Evelyn “Evie” Everheart summer internship video game design. (Courtesy of Evelyn “Evie” Everheart)
September 9, 2020

Summer internships — from home

These UCR students aren’t letting a pandemic stop their personal and professional development

Author: Sandra Baltazar Martínez
September 9, 2020

Summer internships for University of California, Riverside students may look a bit different this year. But when the COVID-19 pandemic hit, summer plans for seven UCR students didn’t halt. They just shifted.

The students are all part of UCR’s Guardian Scholars Program, a campus network designed to support students transitioning from the foster care system into the university. Four of the students are interning with UCR departments, while three are embedded with community organizations. All seven are fulfilling their individual internships from home. 

“Foster youth typically don’t have the privilege to go to their parents and have them help with navigating internships or with paying bills over the summer,” said Kenyon Lee Whitman, program director for UCR’s Office of Foster Youth Support Services. “Aside from the professional development, one of the goals is for these students to use the internship experience to expand their network to obtain a paid job or another paid internship with the community partner.”  

The 200-hour summer internship program is funded via a three-year $250,000 California Wellness Foundation grant awarded to Guardian Scholars in 2017. The grant, which also funds housing and other support programs for the students, has allowed more than 20 students to participate in the summer internship program, Whitman said. 

“These internships are coupled with professional development, and our partners are doing the best they can to support our students in the midst of this pandemic,” said Whitman, a former foster youth himself who started working at UCR in 2015. “We also match the students with a mentor who is in their field.”

This summer’s work with TruEvolution, an advocacy health organization created to support LGBTQ+ people in the Inland Empire, has kept Evelyn “Evie” Everheart busy with digital projects. 

Evelyn “Evie” Everheart (UCR)

Everheart, who prefers the pronouns they/them/theirs, is focused on using their video game development skills to build “Heroes and Vibe,” a video game tour of TruEvolution’s center and resources. The video game also includes an original storyline and animated characters written and created by Everheart. 

Had COVID-19 not disrupted summer plans, they might have been at TruEvolution’s office doing other types of work, said Everheart, 21, who uses Tomgirlstudio as their artistic signature. Everheart was in foster care from age 13 until they matriculated at UCR.   

“This pandemic has taught me to create my own projects, especially because we have to work from home,” Everheart said. “I’m also learning to network and navigate in this kind of environment.” 

This is Everheart’s second summer internship with TruEvolution and they have recently accepted a job with the organization. Everheart graduated from UCR in June with a linguistics degree.  

Completing an internship from home has also been a unique experience for Marlene Lopez, 24. She is interning at Loma Linda University Medical Center, supporting a medical student with image analysis of traumatic brain injuries and brain inflammation. She communicates with the graduate student and the professor who oversees her work via email, Zoom, and Slack.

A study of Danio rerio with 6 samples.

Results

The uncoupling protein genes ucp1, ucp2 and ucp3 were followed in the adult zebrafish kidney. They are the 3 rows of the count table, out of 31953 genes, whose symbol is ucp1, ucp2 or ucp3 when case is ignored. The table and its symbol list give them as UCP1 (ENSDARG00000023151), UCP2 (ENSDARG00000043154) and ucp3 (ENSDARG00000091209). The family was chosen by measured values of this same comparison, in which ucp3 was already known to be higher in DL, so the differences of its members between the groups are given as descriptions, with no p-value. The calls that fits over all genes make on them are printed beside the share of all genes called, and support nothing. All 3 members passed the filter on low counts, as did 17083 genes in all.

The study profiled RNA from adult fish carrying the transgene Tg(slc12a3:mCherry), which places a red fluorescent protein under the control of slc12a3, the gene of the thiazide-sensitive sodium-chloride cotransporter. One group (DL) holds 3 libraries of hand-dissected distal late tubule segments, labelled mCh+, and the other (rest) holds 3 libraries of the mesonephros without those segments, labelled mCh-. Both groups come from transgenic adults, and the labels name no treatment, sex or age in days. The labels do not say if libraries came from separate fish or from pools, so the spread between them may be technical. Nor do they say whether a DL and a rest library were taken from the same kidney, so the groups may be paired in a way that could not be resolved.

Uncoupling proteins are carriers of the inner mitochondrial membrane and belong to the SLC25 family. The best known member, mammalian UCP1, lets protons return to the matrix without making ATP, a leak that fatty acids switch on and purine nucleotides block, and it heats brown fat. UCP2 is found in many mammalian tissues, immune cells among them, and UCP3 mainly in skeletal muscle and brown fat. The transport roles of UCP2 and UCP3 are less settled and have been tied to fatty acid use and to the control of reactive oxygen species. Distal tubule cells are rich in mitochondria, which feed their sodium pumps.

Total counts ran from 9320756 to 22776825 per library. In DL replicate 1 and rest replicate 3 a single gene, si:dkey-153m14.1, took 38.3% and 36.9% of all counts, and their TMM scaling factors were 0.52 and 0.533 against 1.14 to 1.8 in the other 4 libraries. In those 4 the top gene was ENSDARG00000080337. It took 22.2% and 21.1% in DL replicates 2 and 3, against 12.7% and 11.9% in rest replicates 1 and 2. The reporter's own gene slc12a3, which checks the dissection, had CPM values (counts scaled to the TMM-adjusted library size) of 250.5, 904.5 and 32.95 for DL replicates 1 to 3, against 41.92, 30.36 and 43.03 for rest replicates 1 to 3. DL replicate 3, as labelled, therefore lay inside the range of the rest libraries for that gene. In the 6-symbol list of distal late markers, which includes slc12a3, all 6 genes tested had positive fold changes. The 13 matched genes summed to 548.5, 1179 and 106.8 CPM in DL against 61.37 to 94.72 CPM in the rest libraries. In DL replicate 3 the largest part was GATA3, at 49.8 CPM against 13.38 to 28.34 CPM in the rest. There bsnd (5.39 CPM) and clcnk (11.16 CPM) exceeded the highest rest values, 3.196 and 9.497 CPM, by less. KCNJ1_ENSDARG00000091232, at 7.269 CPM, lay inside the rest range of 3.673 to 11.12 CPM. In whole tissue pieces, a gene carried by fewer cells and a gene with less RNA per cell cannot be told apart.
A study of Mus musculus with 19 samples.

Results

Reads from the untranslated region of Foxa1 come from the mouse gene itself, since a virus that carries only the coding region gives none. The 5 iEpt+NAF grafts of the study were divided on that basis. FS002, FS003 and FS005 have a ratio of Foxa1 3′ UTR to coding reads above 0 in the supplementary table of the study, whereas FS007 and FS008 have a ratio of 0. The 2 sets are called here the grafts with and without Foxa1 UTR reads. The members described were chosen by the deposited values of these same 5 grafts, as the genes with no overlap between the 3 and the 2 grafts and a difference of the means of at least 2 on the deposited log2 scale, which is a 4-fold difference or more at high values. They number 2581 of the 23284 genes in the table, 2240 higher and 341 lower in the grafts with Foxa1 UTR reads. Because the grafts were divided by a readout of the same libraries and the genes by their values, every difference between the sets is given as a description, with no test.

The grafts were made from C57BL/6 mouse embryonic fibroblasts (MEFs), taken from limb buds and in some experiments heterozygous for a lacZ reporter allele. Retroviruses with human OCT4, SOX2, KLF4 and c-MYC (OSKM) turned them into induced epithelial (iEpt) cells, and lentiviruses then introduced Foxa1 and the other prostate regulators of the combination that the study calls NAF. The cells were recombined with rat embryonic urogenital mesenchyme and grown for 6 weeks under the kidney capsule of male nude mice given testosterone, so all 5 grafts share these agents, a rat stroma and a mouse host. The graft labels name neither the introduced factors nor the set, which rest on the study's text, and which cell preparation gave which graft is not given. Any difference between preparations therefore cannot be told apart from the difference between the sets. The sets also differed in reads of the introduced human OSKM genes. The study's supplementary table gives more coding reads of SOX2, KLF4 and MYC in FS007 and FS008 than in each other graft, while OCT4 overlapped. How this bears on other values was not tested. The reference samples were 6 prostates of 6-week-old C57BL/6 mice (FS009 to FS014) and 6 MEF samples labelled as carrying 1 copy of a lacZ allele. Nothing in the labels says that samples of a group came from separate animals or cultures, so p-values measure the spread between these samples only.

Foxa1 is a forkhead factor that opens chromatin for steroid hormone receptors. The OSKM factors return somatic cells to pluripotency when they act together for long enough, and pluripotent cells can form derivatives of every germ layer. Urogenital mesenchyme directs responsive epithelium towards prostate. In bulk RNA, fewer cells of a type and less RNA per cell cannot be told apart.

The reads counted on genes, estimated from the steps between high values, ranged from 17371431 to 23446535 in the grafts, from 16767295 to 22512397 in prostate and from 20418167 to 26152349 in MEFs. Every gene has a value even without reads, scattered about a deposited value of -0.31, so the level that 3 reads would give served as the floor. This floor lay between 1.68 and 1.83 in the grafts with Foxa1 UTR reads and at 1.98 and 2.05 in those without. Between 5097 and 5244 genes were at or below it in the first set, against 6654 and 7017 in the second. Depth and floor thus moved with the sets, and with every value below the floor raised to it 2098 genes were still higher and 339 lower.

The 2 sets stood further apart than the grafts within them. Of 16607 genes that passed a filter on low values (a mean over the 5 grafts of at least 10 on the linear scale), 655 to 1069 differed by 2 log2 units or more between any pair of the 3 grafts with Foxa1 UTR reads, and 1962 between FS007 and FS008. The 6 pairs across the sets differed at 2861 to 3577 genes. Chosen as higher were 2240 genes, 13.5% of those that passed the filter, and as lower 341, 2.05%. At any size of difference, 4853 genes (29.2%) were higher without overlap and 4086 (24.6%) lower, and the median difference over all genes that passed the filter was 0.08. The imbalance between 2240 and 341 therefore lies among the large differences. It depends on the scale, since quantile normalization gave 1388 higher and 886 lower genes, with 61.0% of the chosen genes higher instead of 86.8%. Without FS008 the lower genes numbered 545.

“I’m grateful for the opportunity,” said Lopez, who expects to graduate this summer with a bachelors in neuroscience. Next step is medical school. “This is new for me. I’m learning so much and I’m thankful I have the Guardian Scholars Program to support me through this experience.” 

She wants to focus on pediatric neurology. Her interest in how the brain functions was sparked by her grandmother’s passing from dementia. Now she’s completely immersed in learning about different neurological disorders and treatment processes. After medical school, the goal is to remain working in Southern California.  

“I want to become a physician in a low-income community and help those in need, such as the undocumented community,” Lopez said. “I don’t want people to be worried about paying for medical visits when their health is at risk.” 

COVID-19 also turned Omar Gonzalez’s internship into a stay-at-home experience. Gonzalez, 19, is a second-year neuroscience major and is learning about social media and mental health through his internship at The Well, UCR’s nonclinical health promotion center for students.   

Omar Gonzalez
Omar Gonzalez (UCR)

On a typical day he starts his mornings with a cup of coffee, reading emails, and preparing project updates for his supervisor, Devon Sakamoto, The Well’s director. 

“I mainly take care of social media and help with presentations The Well provides to students,” Gonzalez said. “For example, right now we’re working on creating an antiracist taskforce.”

In an era hit by the pandemic, social and political unrest, and a mass shift to online education, mental health is more important than ever, he said. 

“This is my first internship,” Gonzalez said. “I’m getting a gauge on professional development, time management, and also learning that how I speak to colleagues is different versus talking to my friends.” 

Growing up in foster care made Gonzalez want to become a therapist, but his future career plans focused on mental health have started to evolve, he said.

“I entered the foster system around sixth grade, at age 12,” Gonzalez said. “Those experiences, kind of drive me to want to understand the system. I thought about being a therapist, but The Well is opening up my mind to new ideas and possibilities.”